An Overview of California’s New Harassment Laws
There is no doubt that the #MeToo movement has had a profound effect on American culture. While there is still much work to be done to properly address the many reported and unreported instances of sexual harassment and sexual violence in and out of the workplace, states like California are taking the lead by passing new laws meant to address some of the consequences and effects (intended and unintended) of sexually-motivated harassment, assault, and discrimination. Enter California’s Senate Bill (SB) 826.
Dramatic Changes May Be Required Under SB 826
Senate Bill 826 took effect on January 1, 2019, and now publicly-traded companies whose “principal executive office” is in the State of Kansas will have to have at least one female director on their board of directors by December 31, 2019. Within two years – by the end of 2021 – boards of directors comprised of five members must have at least two women directors, and larger boards of directors must have at least three women directors.
How pervasive of a problem is the lack of diversity on corporate boards in California? According to the San Francisco Chronicle, which quoted a study conducted by the research and consulting firm Equilar, of the 457 companies potentially impacted by SB 826, 94 had no female directors and an additional 161 companies only had one female director. In other words, nearly half of all companies who could be affected by SB 826 were in compliance with the law’s demands as of September 30, 2018.
What About Boards That are Full and Do Not Have Room?
Some affected companies may attempt to skirt SB 826’s requirement that one or more female directors be added to their boards by claiming that there are no vacancies on their board. For those companies that might claim such an issue, SB 826 has an answer: “Change the number of directors on your board.” That is to say, companies that must comply with SB 826 must make any changes to their bylaws or governing documents that may be necessary so that the company can comply with the law’s demands.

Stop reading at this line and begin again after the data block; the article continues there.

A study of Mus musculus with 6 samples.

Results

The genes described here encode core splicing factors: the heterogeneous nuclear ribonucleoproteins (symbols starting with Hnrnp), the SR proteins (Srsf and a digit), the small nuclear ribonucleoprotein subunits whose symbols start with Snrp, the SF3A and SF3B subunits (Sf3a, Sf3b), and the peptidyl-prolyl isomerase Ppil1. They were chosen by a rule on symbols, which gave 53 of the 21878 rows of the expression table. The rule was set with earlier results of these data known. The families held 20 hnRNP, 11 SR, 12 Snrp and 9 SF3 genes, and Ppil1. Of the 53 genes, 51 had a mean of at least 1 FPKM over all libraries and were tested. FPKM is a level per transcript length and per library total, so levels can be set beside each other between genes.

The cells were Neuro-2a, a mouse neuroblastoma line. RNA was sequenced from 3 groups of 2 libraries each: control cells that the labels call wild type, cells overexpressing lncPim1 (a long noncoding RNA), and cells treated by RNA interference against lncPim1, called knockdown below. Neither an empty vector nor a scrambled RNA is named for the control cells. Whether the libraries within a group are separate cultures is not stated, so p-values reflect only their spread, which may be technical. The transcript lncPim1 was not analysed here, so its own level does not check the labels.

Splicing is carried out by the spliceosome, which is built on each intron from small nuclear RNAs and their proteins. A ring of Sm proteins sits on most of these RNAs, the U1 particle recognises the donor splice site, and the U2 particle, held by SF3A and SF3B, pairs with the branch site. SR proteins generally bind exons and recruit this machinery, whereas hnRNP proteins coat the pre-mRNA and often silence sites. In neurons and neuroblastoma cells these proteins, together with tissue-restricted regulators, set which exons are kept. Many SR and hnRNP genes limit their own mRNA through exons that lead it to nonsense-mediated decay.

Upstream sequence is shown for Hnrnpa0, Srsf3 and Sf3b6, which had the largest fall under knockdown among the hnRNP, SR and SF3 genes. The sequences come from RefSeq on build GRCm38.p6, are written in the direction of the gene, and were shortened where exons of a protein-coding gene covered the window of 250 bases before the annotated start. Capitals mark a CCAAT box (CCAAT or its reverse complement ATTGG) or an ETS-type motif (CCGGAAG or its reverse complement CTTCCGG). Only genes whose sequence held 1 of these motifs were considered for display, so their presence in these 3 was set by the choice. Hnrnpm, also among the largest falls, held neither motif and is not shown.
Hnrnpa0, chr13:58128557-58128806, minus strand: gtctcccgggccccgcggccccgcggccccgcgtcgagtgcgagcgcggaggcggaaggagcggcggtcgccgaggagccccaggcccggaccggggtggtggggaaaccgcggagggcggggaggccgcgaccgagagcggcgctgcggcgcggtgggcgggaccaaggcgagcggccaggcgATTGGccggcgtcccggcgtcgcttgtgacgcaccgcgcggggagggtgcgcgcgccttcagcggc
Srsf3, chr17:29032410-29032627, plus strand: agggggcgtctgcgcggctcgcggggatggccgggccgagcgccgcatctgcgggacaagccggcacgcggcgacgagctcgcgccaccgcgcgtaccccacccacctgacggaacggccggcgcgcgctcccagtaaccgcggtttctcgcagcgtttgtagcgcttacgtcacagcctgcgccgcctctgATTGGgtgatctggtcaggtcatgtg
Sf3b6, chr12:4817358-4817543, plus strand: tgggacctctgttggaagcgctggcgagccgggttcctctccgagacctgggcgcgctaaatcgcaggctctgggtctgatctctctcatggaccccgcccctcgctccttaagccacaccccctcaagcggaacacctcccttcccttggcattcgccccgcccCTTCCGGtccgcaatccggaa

What SB 826 Tells Us About Harassment and Diversity in California Business
The requirements of SB 826 come at a time when America is becoming increasingly aware that women have been kept away from and out of positions of power in government as well as in private industries and institutions. Whether such exclusion was purposeful or unintentional, the result was the same: women were prevented from experiencing the same career growth, promotions and progression as their male counterparts. Not only this, but an exclusion of female voices from corporate boards of directors prevented women from offering their insights and experiences so as to improve the treatment of women within these organizations.
Contact Heit Law Group, P.C. for Assistance with SB 826
If you are concerned about SB 826 or any of the other similar laws that went into force on January 1, 2019, reach out to the Heit Law Group, P.C. by calling (310) 744-5227 or going to http://heitlawgroup.com.